On Missile Deal, Turkey’s True Ally Is Russia, Not America

avatar by Burak Bekdil


The Trump administration has offered to sell $3.5 billion worth of Patriot missiles to Turkey, apparently in an effort to stop Ankara from going ahead with a planned S-400 deal with Moscow. The Turks will probably shrug off the offer (after making sure it’s not an offer they can’t refuse). For reasons largely unrelated to its military requirements, Ankara has no intention of scrapping the S-400 deal and risking its geo-strategic bonds with Moscow.

When Turkey’s powerful generals decided their country needed an indigenous long-range air and anti-missile defense system, Recep Tayyip Erdogan was a freshly elected mayor of Istanbul; Saddam Hussein was enjoying his Baghdad palace; Microsoft was releasing Windows 95; and Israeli Prime Minister Yitzhak Rabin was assassinated at a peace rally in Tel Aviv. Nearly a quarter century later, Turkey is still a few years away from building its first long-range defense architecture, and it will not be an indigenous system.

Turkey’s missile defense journey has taken several bizarre turns. In 2013, the country decided to become the first NATO ally to deploy a Chinese-made air defense system on its soil. It later gave up the idea. In December 2017, Ankara unveiled a deal with Moscow for the acquisition of the Russian-made S-400 system, volunteering to become the first NATO country to deploy it. These days, Turkey is toying with the idea of becoming the first NATO country to deploy both the US Patriot system and the Russian S-400 system on its soil.

In early January, the US administration offered to sell $3.5 billion worth of Patriot missiles to Turkey, apparently in an effort to stop Ankara from going ahead with the S-400 deal with Moscow. For reasons largely unrelated to its military requirements, Ankara has no intention of scrapping the S-400 deal and risking its bonds with Moscow. Washington’s offer would ostensibly replace the S-400 deal, not complement it.


Of course, the recent rapprochement between Turkey and the US did much to lubricate the endorsement of a Patriot deal. Ankara and Washington have moved from one of the worst diplomatic crises in their modern history, including a trade war, to diffusing the hottest issues on their long list of divergences and achieving constructive dialogue — all within the span of a few months.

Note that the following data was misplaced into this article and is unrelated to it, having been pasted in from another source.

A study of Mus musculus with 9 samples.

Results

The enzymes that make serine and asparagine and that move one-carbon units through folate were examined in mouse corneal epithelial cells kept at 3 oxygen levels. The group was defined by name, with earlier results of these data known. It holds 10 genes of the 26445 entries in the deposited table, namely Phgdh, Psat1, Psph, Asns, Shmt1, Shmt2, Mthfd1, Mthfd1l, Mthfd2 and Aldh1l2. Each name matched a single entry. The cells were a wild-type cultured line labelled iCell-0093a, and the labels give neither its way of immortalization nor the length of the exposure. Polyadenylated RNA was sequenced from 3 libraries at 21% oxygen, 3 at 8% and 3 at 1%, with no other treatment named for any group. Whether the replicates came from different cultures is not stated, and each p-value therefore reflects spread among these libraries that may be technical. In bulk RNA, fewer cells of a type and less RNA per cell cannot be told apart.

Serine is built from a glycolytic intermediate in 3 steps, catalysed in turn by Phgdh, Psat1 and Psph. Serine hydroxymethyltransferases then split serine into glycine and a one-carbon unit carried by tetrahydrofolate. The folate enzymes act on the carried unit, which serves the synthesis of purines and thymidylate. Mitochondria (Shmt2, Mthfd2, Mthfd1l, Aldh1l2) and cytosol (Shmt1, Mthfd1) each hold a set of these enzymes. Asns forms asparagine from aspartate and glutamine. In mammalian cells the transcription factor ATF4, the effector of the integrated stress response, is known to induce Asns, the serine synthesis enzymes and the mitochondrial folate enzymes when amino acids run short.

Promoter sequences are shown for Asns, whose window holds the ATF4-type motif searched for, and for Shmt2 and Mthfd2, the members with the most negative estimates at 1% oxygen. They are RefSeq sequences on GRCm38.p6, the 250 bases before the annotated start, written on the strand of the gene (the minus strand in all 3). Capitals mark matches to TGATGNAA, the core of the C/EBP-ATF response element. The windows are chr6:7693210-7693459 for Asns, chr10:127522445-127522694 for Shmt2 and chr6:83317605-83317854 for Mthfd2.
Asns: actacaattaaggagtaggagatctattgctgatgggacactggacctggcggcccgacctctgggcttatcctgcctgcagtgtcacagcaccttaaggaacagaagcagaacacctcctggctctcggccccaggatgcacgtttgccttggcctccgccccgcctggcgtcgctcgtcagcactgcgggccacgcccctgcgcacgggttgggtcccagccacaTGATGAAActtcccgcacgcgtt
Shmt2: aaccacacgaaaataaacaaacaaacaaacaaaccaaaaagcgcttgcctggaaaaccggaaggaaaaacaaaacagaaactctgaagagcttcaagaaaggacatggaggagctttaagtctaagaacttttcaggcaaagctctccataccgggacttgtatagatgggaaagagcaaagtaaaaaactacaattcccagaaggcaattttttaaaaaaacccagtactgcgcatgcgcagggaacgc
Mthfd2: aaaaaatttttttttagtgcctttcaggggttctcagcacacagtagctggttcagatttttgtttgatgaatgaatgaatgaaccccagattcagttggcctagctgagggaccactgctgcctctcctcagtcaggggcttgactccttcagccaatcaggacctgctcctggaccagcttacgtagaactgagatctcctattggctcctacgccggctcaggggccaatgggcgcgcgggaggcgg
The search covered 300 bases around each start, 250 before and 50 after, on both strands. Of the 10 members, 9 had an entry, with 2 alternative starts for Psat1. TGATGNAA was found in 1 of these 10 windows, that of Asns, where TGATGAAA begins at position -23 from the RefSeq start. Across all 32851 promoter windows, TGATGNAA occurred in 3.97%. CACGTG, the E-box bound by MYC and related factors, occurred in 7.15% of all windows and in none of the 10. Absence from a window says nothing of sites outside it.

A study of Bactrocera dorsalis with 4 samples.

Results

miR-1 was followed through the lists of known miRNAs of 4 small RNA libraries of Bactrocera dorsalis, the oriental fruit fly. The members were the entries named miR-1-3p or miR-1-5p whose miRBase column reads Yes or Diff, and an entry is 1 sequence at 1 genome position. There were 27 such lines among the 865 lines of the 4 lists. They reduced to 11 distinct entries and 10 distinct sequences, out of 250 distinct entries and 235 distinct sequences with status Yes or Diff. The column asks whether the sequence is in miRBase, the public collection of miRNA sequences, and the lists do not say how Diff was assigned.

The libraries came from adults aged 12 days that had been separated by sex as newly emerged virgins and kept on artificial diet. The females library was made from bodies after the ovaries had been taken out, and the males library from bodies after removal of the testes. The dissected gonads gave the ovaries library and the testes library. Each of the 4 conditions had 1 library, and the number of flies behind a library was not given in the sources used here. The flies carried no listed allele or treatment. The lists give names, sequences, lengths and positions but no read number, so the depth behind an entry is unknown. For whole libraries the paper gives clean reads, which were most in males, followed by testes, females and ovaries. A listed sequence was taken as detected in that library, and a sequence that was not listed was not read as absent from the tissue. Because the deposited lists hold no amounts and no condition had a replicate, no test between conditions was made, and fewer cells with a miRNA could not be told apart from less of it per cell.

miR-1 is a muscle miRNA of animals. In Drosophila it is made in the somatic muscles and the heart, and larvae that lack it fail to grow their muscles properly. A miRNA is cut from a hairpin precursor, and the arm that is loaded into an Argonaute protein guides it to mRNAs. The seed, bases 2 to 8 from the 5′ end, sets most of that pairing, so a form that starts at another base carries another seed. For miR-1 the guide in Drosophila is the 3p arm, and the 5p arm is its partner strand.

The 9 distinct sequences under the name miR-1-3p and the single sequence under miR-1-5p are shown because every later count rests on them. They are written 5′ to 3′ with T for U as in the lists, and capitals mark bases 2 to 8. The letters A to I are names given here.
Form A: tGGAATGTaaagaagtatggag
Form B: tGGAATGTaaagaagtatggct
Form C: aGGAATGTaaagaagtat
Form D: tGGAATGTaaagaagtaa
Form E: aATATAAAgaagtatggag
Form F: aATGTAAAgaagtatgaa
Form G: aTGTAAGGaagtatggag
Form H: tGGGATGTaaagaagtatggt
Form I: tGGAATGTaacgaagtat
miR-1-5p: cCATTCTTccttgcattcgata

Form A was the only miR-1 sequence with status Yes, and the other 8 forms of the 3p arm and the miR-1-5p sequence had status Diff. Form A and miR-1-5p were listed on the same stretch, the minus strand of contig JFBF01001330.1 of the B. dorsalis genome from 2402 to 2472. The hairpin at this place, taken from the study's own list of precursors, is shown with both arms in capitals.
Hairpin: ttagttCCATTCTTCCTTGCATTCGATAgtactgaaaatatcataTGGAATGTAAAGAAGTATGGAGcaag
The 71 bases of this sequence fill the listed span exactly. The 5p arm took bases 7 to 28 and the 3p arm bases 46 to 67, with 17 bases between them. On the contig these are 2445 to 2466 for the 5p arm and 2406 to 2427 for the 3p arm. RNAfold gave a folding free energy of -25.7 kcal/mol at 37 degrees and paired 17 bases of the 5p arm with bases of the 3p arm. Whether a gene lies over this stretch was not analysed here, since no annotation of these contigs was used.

The S-400 architecture would in theory be an efficient deterrent against NATO assets, but not against Russian-made air and missile assets. The real air and missile threat to Turkey’s security would come from across the eastern, southeastern, and southern borders, where most offensive assets deployed are Russian-made.

About half of Turkey’s network-based air defense picture was paid for by NATO, and Turkey is part of NATO’s Air Defense Ground Environment. Without NATO’s consent, it will be impossible for Ankara to make any non-NATO system, especially a Russian one, operable with these assets (the Turkish program consists of radar, launcher, and interceptor missiles).

What to do? If Turkey is politically obliged to remain committed to the S-400 deal, then the most rational thing for it to do — theoretically — would be to deploy the Patriots at selected military or energy-strategic points of defense in the country’s east, southeast, and south while deploying the S-400s to equivalent points in the capital and in the west.

Turkey’s other problems are its budget and vast geography. If Ankara goes for both options, it would spend a combined $6.2 billion ($2.5 billion for the S-400s and $3.7 billion for the Patriots). The number of systems and batteries in either deal would be too small to protect hundreds of strategic points of defense, including critical military command centers; military and civilian shipyards; critical defense, ammunition, and aerospace production plants; oil refineries; oil and natural gas pipelines; and military and civilian airports and ports. That means a shopping list of more than 20 systems in total, which goes far beyond Turkey’s increasingly overstretched public finances.

Another problem is the US Congress. The Turks know the chances of Congressional approval for a Patriot deal would be slim given Turkey’s ever more problematic relations with Israel. In December, Ankara resumed its usual Israel-bashing when top Turkish officials, including Erdogan and his foreign minister Mevlut Çavuşoğlu, called Israeli Prime Minister Benjamin Netanyahu a cold-blooded murderer. Congressional go-ahead cannot be guaranteed and the Turks do not want to be humiliated by a rejection, especially as the country heads for critical local elections on March 31.

Technology transfer is another problematic issue. From past experience, the Turks know a Patriot deal would not come with a generous technology transfer offer. That is not the American way. Yet “some kind of a breakthrough and a special offer” could win the support of two critical Turkish defense companies, military electronics specialist Aselsan and missile-maker Roketsan, for the Patriot deal.

When Erdogan decided to go for the S-400s he had good reason to politically and financially bribe Vladimir Putin. Considering President Trump’s newfound respect and leniency for Erdogan, Putin’s man in Ankara has no reason to bribe the US president.

Burak Bekdil is an Ankara-based columnist. He regularly writes for the Gatestone Institute and Defense News, and is a fellow at the Middle East Forum. He is also a founder and associate editor at the Ankara-based think tank Sigma.

This article was originally published by The BESA Center.

The opinions presented by Algemeiner bloggers are solely theirs and do not represent those of The Algemeiner, its publishers or editors. If you would like to share your views with a blog post on The Algemeiner, please be in touch through our Contact page.